Bedfordshire town has been rocked by two earthquakes in a day - and four in a fortnight - with residents reporting houses "jolting and shaking".
The 3.0 and 2.1 magnitude tremors were centred around Leighton Buzzard at around 8.32am and shortly after 12.30pm on Tuesday, the British Geological Survey confirmed.
“It was a bang and it was a shake, a real shake,” said Sheila O’Connell, an NHS worker who lives in Leighton Buzzard, while another said the tremors "almost shook me out of bed".
In fact, the UK sees more earthquakes than you may realise.
Why do earthquakes occur in the UK?
Glenn Ford, a seismologist at BGS, said Tuesday's tremor would be classed as an aftershock from the earthquake two weeks ago.
"They are not happening more frequently in the area - they are happening all the time in the UK," he told the Standard.
"What's unusual about them is we only feel about only 10 per cent feel them. We don't really perceive the UK as a country associated with earthquakes, so when they occur, it can be quite disturbing.
"But it's very typical behaviour seen in the UK and we have had historic activity in that area. Most of them are so small, people don't notice them."
Mr Ford said Britain sees about three earthquakes of 3.0 magnitude size each year, but that is one billion times smaller than the devastating 9.0 magnitude Tōhoku quake in Japan in 2011.
The Bedfordshire quake started some several hundred metres below the surface, in hidden fault lines, experts said.
Dr Matthew Blackett, a reader in natural hazards at Coventry University, called the Leighton Buzzard tremors "very, very odd".
“What seems to have happened is that this was an initial earthquake in a hidden fault, some stress or other has caused it,” Dr Blackett said.
“These two subsequent events are a readjustment of the fault lines to come back to some sort of stability.
“The crust has to adjust itself to become stable again, that seems to have happened to the poor people of Leighton Buzzard.”
How many earthquakes have there been in the UK and how regularly do they occur?
The majority of earthquakes in the UK are so small they cannot be felt, because the UK does not sit on a fault line between tectonic plates.
Between 20 to 30 earthquakes are felt by people in the UK each year, according to British Geological Survey data, with hundreds of smaller ones recorded by sensitive instruments.
In the 50 days up to September 22, for example, a total of 39 earthquakes were recorded around Britain.
These ranged between minus 0.1 on the Richter Scale to Tuesday's peak of 3.0, including a 1.0 tremor near Bristol city centre on September 4. Many tremors occur off the coast.
The Richter Scale is the globally recognised numerical scale for measuring seismograph oscillation, and destructive quakes typically measure above 5.5.
The British Geological Survey said: “A magnitude 4 earthquake happens in Britain roughly every two years. We experience a magnitude 5 roughly every 10–20 years. Research suggests that the largest possible earthquake in the UK is around 6.5.”
The body's scientists added: “The driving forces for earthquake activity in the UK are unclear; however they include regional compression caused by motion of the Earth’s tectonic plates, and uplift resulting from the melting of the ice sheets that covered many parts of Britain thousands of years ago.”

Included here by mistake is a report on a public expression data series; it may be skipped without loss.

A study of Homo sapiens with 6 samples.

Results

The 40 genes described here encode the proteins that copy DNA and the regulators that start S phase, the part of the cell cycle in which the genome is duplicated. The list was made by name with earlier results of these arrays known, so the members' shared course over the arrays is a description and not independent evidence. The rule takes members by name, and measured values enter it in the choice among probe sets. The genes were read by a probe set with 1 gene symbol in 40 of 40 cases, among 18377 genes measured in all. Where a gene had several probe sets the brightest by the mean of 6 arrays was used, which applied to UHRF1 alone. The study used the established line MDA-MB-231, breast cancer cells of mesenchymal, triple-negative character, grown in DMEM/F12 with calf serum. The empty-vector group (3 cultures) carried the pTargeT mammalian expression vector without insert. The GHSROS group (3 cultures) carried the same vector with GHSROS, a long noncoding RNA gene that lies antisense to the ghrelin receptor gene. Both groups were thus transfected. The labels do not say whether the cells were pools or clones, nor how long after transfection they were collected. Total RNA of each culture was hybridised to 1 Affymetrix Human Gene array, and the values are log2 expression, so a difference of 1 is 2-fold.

What's been the highest magnitude quake so far?
The largest known British earthquake occurred near the Dogger Bank in 1931, with a magnitude of 6.1.
Fortunately, it was 60 miles offshore but was still powerful enough to cause minor damage to buildings on the east coast of England.
The most damaging UK earthquake was in the Colchester area in 1884. Some 1200 buildings needed repairs, chimneys collapsed and walls were cracked.
The most recent serious earthquake, of 5.2 magnitude, struck Market Rasen in Lincolnshire in 2008 and was felt as far away as Newcastle and London.
Where else in Europe is prone to earthquakes?
Several areas in the Mediterranean region have suffered serious earthquakes.
Italy is the European country most prone to quakes, with the Eurasian and African tectonic plates shifting at around 4 to 10mm a year beneath its southern half.
These plates are not only responsible for some of Europe’s deadliest earthquakes, but also for Italy’s famous volcanoes: Vesuvius, Etna and Stromboli.
The most recent major quake to strike Italy was on August 24, 2016, when 6.2 magnitude tremors shook towns and villages 65 miles north-east of Rome in the early hours.
It claimed 297 lives and particularly ravaged the towns Amatrice and Arquata del Tronto, with nearly 4,000 people made homeless as a result of the destruction.
Dozens were feared dead in January 2017 after a series of four quakes, the strongest measuring 5.3 magnitude, shook buildings in Florence and Rome and prompted an avalanche that swamped Hotel Rigopiano, in Abruzzo.
The deadliest documented earthquake in Europe was on 28 December 1908, when a 7.0 magnitude earthquake in the Messina Strait between Sicily and mainland Italy killed 72,000 people.
“The highest seismicity is concentrated in the central-southern part of the peninsula, along the Apennine ridge, in Calabria and Sicily and in some northern areas, like Friuli, part of Veneto and western Liguria,” explains the Italian Civil Protection Department.
The US Geological Survey adds: “The region's tectonic activity cannot be simply explained by the collision of the Eurasia and Africa plates. It has been suggested that deeper lithospheric processes are controlling some of the deformation observed at the surface."
Spain, France, Greece and Portugal have also all suffered deadly earthquakes over the past three centuries.
The most recent was in May 2011, when at least eight people died when a magnitude 5.1 quake rocked southern Spain beneath the province of Granada.